The authors of the second draft of Guyana’s Local Content and Value Addition Policy Framework have taken a special interest in tempering expectations for the coming oil and gas industry.
Local content policies usually aim to set out guidelines to be observed by foreign companies operating in an economy. It is supposed to secure maximum benefits for citizens of a country. Guyana’s local content policy, formulated specifically to guide players in the oil industry, was supposed to be no different. In fact, the authors, including Trinidad’s Anthony Paul of Chatham House, stated in the policy that the intention is to secure benefits for Guyanese. However, there is little that states clearly how this is going to happen.
Instead, much focus was placed on tempering expectations.
The policy stated that while Guyanese naturally see the development and production of oil and gas providing opportunities for participation, “we are acutely aware of the realities of the situation in which we find ourselves”.
First, the authors pointed out the very obvious, which is that the oil and natural gas industry in Guyana is in the embryonic stage of development.
It was then stated that although the oil discovered thus far is very significant, development will take place during a period of low oil prices and global oversupply of both the commodities and services required by the sector.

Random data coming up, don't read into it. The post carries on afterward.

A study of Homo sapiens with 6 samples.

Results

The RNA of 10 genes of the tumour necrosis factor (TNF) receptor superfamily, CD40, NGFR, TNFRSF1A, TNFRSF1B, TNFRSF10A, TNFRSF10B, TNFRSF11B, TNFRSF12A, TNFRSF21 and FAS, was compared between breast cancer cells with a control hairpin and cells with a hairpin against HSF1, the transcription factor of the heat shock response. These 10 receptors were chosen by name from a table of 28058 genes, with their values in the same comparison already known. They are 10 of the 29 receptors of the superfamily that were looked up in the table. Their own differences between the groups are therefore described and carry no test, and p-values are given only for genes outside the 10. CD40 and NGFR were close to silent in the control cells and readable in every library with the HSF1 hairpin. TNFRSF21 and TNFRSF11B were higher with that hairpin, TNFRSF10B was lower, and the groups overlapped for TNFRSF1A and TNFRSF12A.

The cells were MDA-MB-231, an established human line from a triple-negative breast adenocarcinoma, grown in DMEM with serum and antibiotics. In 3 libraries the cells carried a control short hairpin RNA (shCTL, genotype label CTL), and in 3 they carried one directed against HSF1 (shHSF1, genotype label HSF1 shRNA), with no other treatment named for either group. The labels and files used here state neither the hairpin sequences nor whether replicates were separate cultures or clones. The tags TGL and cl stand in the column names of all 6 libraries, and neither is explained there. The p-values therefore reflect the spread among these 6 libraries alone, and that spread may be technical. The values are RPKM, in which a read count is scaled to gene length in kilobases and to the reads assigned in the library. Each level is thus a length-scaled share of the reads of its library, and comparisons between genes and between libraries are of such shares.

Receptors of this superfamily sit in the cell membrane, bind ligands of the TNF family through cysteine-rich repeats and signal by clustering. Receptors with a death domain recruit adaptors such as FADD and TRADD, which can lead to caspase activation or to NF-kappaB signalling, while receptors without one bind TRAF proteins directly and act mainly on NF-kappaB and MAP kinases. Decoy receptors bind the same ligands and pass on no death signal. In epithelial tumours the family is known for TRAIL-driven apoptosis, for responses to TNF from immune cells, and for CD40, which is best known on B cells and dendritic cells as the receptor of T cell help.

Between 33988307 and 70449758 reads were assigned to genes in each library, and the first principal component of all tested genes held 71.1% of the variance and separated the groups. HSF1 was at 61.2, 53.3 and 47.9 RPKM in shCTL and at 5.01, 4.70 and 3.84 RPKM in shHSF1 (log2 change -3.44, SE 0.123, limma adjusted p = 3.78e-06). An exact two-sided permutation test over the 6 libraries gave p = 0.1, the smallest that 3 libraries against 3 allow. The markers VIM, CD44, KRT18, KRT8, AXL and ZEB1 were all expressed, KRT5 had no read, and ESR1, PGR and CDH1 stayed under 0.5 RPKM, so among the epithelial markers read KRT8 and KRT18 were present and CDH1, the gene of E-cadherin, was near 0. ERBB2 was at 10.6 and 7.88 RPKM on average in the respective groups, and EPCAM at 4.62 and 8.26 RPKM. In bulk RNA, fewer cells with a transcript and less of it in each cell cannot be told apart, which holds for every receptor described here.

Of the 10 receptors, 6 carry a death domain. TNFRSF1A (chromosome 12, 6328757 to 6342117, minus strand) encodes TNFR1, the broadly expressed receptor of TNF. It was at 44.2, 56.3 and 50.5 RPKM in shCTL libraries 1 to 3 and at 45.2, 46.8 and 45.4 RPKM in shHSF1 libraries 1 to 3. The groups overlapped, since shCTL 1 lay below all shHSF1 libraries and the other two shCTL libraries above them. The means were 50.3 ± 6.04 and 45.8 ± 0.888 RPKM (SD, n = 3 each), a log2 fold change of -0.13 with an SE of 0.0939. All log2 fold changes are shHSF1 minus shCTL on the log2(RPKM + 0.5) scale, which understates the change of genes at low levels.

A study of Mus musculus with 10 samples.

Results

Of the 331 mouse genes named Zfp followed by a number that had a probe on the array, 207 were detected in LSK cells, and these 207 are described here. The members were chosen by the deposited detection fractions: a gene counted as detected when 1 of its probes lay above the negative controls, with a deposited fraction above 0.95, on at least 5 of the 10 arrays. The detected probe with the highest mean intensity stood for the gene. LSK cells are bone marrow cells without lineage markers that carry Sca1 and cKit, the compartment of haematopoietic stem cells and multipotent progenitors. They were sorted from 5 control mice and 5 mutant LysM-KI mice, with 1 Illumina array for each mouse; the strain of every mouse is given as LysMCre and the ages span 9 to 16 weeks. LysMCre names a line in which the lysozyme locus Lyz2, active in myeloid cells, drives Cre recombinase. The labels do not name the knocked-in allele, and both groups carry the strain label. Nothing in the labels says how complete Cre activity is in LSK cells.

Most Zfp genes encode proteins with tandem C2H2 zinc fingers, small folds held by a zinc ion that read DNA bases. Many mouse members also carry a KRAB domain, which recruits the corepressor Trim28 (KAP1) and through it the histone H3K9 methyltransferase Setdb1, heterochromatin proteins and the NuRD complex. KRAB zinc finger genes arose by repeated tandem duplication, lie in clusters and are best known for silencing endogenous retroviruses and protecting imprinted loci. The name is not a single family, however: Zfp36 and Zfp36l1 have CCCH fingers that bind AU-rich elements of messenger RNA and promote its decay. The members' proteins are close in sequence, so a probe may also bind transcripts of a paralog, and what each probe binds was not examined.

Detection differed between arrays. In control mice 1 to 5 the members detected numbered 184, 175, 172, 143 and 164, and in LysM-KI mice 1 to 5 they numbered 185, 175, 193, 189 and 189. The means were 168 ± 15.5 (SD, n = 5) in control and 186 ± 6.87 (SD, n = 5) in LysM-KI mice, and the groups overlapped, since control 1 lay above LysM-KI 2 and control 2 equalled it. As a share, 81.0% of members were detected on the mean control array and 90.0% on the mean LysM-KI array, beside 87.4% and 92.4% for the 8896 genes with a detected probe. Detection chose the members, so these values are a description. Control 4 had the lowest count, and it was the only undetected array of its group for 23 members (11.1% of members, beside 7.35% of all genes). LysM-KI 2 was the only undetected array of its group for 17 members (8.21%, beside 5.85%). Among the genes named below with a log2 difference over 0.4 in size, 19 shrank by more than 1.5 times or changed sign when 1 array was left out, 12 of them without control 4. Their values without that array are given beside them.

The drafters also noted that Guyana is a small, developing country, in terms of human capital, technology base, services capability, infrastructure, facilities and equipment availability, international competitiveness of indigenous businesses and the size of the economy and capital markets.
The fact that Guyanese have limited capability and experience in the oil and gas sector, including among those in the Diaspora, was also pointed out.
The policy also states that many of the goods and services used by the sector are highly specialized, requiring very high levels of technology, innovation, investment capital and experienced specialists.
The authors then registered the fact that the oil and gas sector is a high risk business, involving very high levels of capital and technology and hazards that can put people, property and the environment at risk, therefore requiring high standards of performance by its participants to mitigate operational and business risks.
The authors were keen to note that, “Relative to its potential economic impact, the petroleum industry does not directly generate large numbers of jobs, but of those created, many are of high quality, in terms of the competencies required/developed and benefits to employees. That said, additional employment is created through the multiplier effects of the supply chain, the ability of other sectors to grow as a consequence of the enhanced supply chain and government revenue generated by the sector.”